Although memory sticks becoming defective is something that could happen, I made it the last section in this chapter because it’s one of those situations where I can’t give you a definite list of symptoms to look out for that will point to memory being the source of an issue you may be experiencing. RAM issues are very mysterious in nature, and each time I’ve run into one, I’ve always stumbled across memory being bad only after troubleshooting everything else. It’s for this reason that nowadays I’ll often test the memory on a server or workstation first, since it’s very easy to do. Even if memory has nothing to do with an issue, it’s worth checking anyway since it could become a problem later.

Most distributions of Linux (Ubuntu included) feature Memtest86+ right on the installation media. Whether you create a bootable CD or flash drive, there’s a memory test option available from the Ubuntu Server media. When you first boot from the Ubuntu Server media, you’ll seen an icon toward the bottom indicating you can press a key to bring up a menu (if you don’t press a key, the installer will automatically start). Next, you’ll be asked to choose your language, and then you’ll be shown an installation menu. Among the choices there will be an option to Test memory:

The main menu of the Ubuntu installer, showing a memory test option

Other editions of Ubuntu, such as the Ubuntu desktop distribution or any of its derivatives, also feature an option to test memory. Even if you don’t have installation media handy for the server edition, you can use whichever version you have. From one distribution or edition to another, the Memtest86+ program doesn’t change.

When you choose the Test memory option from your installation media, the Memtest86+ program will immediately get to work and start testing your memory (press Esc to exit the test). The test may take a long time, depending on how much memory your workstation or server has installed. It can take minutes or even hours to complete. Generally speaking, when your machine has defective RAM, you’ll see a bunch of errors show up relatively quickly, usually within the first 5-10 minutes. If you don’t see errors within 15 minutes, you’re most likely in good shape. In my experience, every time I’ve run into defective memory, I’ll see errors in 15 minutes or less (usually within 5). Theoretically, though, you could very well have a small issue with your memory modules that may not show up until after 15 minutes, so you should let the test finish if you can spare the time for it:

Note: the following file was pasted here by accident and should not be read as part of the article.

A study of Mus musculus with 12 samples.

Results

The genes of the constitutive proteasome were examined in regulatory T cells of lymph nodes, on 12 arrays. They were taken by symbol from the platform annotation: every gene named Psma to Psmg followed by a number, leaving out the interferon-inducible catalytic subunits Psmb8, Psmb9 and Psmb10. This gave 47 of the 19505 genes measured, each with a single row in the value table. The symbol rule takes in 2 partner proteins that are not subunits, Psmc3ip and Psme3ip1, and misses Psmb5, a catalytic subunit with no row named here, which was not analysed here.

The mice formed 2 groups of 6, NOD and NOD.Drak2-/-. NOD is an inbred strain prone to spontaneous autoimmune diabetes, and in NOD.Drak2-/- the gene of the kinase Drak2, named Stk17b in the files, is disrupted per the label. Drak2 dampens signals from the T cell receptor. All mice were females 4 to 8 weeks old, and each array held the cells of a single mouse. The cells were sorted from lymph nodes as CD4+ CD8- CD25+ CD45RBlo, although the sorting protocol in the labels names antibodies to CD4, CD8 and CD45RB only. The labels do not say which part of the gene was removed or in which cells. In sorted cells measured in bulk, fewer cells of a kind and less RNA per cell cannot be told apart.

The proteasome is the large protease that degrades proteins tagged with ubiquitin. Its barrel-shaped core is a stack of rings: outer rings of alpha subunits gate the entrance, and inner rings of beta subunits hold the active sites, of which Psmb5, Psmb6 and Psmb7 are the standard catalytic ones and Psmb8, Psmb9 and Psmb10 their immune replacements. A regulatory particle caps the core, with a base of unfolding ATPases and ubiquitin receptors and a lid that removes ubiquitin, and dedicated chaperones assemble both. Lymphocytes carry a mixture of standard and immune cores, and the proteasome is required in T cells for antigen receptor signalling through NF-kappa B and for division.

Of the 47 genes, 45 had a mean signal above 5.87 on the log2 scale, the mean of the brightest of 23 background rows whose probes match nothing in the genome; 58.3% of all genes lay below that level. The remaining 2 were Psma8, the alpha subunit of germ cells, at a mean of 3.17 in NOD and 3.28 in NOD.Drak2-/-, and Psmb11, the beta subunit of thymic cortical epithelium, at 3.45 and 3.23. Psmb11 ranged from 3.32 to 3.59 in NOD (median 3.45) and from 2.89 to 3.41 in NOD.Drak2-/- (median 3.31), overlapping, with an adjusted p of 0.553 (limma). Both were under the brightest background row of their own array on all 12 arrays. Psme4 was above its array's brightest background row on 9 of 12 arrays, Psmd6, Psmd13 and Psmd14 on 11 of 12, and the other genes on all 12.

Memtest86+ in action

The main question becomes when to run Memtest86+ on a machine. In my experience, symptoms of bad memory are almost never the same from one machine to another. Usually, you’ll run into a situation where a server doesn’t boot properly, applications close unexpectedly, applications don’t start at all, or perhaps an application is behaving irregularly. In my view, testing memory should be done whenever you experience a problem that doesn’t necessarily seem straightforward. In addition, you may want to consider testing the memory on your server before you roll it out into production. That way, you can assure that it starts out as free of hardware issues as possible. If you install new memory modules, make sure to test the RAM right away.

If the test does report errors, you’ll next want to find out which memory module is faulty. This can be difficult, as some servers can have more than a dozen memory modules installed. To narrow it down, you’d want to test each memory module independently if you can, until you find out which one is defective. You should also continue to test the other modules, even after you discover the culprit. The reason for this is that having multiple memory modules going bad isn’t outside the realm of possibility, considering whatever situation led to the first module becoming defective may have affected others.

Another tip I’d like to pass along regarding memory is that when you do discover a bad stick of memory, it’s best to erase the hard disk and start over if you can. I understand that this isn’t always feasible, and you could have many hours logged into setting up a server. Some servers can take weeks to rebuild, depending on their workload. But at least keep in mind that any data that passes through defective RAM can become corrupted. This means that data at rest (data stored on your hard disk) may be corrupt if it was sitting in a defective area of RAM before it was written to disk. When a server or workstation encounters defective RAM, you really can’t trust it anymore. I’ll leave the decision on how to handle this situation up to you (hopefully you’ll never encounter it at all), but just keep this in mind as you plan your course of action. Personally, I don’t trust an installation of any operating system after its hardware has encountered such issues.

I also recommend that you check the capacitors on your server’s motherboard whenever you’re having odd issues. Although this isn’t necessarily related to memory, I mention it here because the symptoms are basically the same as bad memory when you have bad capacitors. I’m not asking you to get a voltage meter or do any kind of electrician work, but sometimes it may make sense to open the case of your server, shine a flashlight on the capacitors, and see if any of them appear to be leaking fluid or expanding. The reason I bring this up is because I’ve personally spent hours troubleshooting a machine (more than once) where I would test the memory and hard disk, and look through system logs, without finding any obvious causes, only to later look at the hardware and discover capacitors on the motherboard were leaking. It would have saved me a lot of time if I had simply looked at the capacitors. And that’s really all you have to do, just take a quick glance around the motherboard and look for anything that doesn’t seem right.